There is a 2 fold reason for delamination. The first part is that water gets into the wall. The second part is that the exterior fiberglass panel had a luan (wood) backing. Since there was wood involved, once the wood got wet, it rotted and came apart. The new construction glues the fiberglass directly to the frame. Even if water gets in, the wall stays glued to the frame, hence no delamination. BUT the real problem of delamination is water damage, which still can occur. If water gets into the wall, the wall frame will rust, the insulation gets soaked, and mildew grows. So all the secondary damage that occurs with delamination can still occur in the newer type construction. Your real hope is that modern glues are much better than they used to be, so you are less likely to get water in in the first place.
The fronts and the rear walls on most trailers are just hung fiberglass sheets, with the rear wall usually having wood studs.
Most sidewalls are laminated walls, not really vacuum bonded as most people think, but each layer sprayed with glue, then run through pinch rollers to seal. That's why you can look down the sides and see lines and waves as the rollers squeeze there way through.
Don't let them kid you, if it is a bubble, it is delamination. The hung walls do move twist and wave in different temps, but a bubble is still a bubble.
Filon is a thin sheet of Fiberglass material glue bonded onto a very thin sheen of Luan plywood. Once water gets on the Filon backer board, it swells up, the Filon delaminates from the glue and you get the bubble or rippled exterior.
What To Look For The first evidence of a delamination problem is bubbles (or blisters) forming on the sidewalls as the luan plywood under the outer fiberglass layer breaks down, allowing it to pull away from the wall structure.
Delamination is generally caused by moisture infiltrating the wall and destroying the integrity of the luan plywood.
Flexing in the wall structure can also lead to the adhesive failing or cracks developing. Cracks are another similar issue that will rapidly send the value of your investment plummeting.
Buyer Beware: If You Spot Delamination Or Cracks. Over the years, I’ve seen many RVs that have delamination issues that just continue to get worse.
This should be a huge red flag if you’re shopping for a used RV of any make or model.
If you detect any area where you feel the fiberglass has pulled away from the inner structure, just pass that RV by.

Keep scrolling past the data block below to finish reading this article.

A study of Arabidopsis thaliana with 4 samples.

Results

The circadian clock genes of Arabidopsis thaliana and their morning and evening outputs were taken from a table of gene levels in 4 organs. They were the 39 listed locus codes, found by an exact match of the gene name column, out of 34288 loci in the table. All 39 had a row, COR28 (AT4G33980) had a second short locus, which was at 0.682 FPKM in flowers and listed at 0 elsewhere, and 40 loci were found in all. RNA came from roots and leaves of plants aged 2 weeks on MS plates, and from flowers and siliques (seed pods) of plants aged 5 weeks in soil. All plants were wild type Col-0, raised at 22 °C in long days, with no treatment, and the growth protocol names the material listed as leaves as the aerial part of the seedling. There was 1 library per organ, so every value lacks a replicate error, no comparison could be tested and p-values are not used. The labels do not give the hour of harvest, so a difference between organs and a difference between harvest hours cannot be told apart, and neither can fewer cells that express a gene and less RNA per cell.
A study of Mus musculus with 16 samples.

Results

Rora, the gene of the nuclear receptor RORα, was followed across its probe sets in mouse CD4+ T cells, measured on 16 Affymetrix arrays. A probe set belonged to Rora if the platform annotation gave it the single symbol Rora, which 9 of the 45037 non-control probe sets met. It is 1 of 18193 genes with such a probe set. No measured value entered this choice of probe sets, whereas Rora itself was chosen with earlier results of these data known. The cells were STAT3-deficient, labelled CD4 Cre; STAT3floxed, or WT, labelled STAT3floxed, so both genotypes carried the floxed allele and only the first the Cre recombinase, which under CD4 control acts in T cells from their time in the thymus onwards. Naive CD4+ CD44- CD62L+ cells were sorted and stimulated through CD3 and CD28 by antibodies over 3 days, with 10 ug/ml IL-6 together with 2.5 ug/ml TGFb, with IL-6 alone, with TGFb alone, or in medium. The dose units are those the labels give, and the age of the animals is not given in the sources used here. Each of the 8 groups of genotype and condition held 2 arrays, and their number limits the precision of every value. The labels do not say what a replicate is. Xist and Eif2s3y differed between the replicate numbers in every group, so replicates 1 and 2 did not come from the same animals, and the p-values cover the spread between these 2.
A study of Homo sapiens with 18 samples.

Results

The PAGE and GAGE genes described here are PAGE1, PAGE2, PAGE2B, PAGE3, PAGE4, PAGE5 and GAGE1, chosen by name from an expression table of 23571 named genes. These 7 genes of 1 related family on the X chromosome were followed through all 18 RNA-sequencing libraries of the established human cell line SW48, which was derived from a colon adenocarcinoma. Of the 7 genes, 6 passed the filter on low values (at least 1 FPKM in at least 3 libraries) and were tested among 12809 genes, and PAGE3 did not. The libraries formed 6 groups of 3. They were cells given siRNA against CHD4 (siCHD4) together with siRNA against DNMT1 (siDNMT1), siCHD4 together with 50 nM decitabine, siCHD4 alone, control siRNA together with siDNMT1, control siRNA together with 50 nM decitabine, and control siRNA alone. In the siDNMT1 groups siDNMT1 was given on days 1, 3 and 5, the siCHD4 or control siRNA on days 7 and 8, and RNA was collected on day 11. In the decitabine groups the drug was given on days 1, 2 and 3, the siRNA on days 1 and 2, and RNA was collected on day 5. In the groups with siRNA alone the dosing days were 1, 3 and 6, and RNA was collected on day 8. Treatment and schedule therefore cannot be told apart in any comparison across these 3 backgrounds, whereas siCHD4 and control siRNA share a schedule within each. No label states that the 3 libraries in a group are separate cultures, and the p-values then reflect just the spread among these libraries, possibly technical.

In some instances structural integrity of the whole RV has been compromised. The wall skin supplies some of the strength of the entire wall. Picture it like your house without the outer skin being attached to the studs. The house would be weakened to the point of collapse.
The cost of replacing a sidewall would likely surpass the total value of the entire RV. As the delamination gets worse — and it will — the value of your investment will slide downhill rapidly.
The rule of thumb generally says that minor water damage can be fixed and large scale water damage is more likely to cost more than the RV in some cases.
Understanding Water Damage - Wood Rot, Mold & Delamination Water Damage
Water intrusion, if not stopped, can cause wood rot damage to your RV’s roof decking and trusses; exterior fiberglass walls backed with plywood; slide out floor and walls; and interior floor decking.
Water can also cause the exterior fiberglass (filon) to delaminate from the wood (luan), and electrical
issues resulting from wire connection corrosion.
Water can cause mold & spores to grow. Mold - is a fungus with its own unique “living style”.
Mold needs 4 ingredients to grow: Food: Extracts carbon from the substrate it lives on, wood or plastic made from petroleum products.
Humidity: Comes from high moisture levels in surface layers of above the listed materials.
Oxygen: From air.
Temperatures: Mold likes moderate temperatures as we do. When mold grows toxic compounds are produced and millions of spores are released. These particles are airborne and can cause serious damage to humans!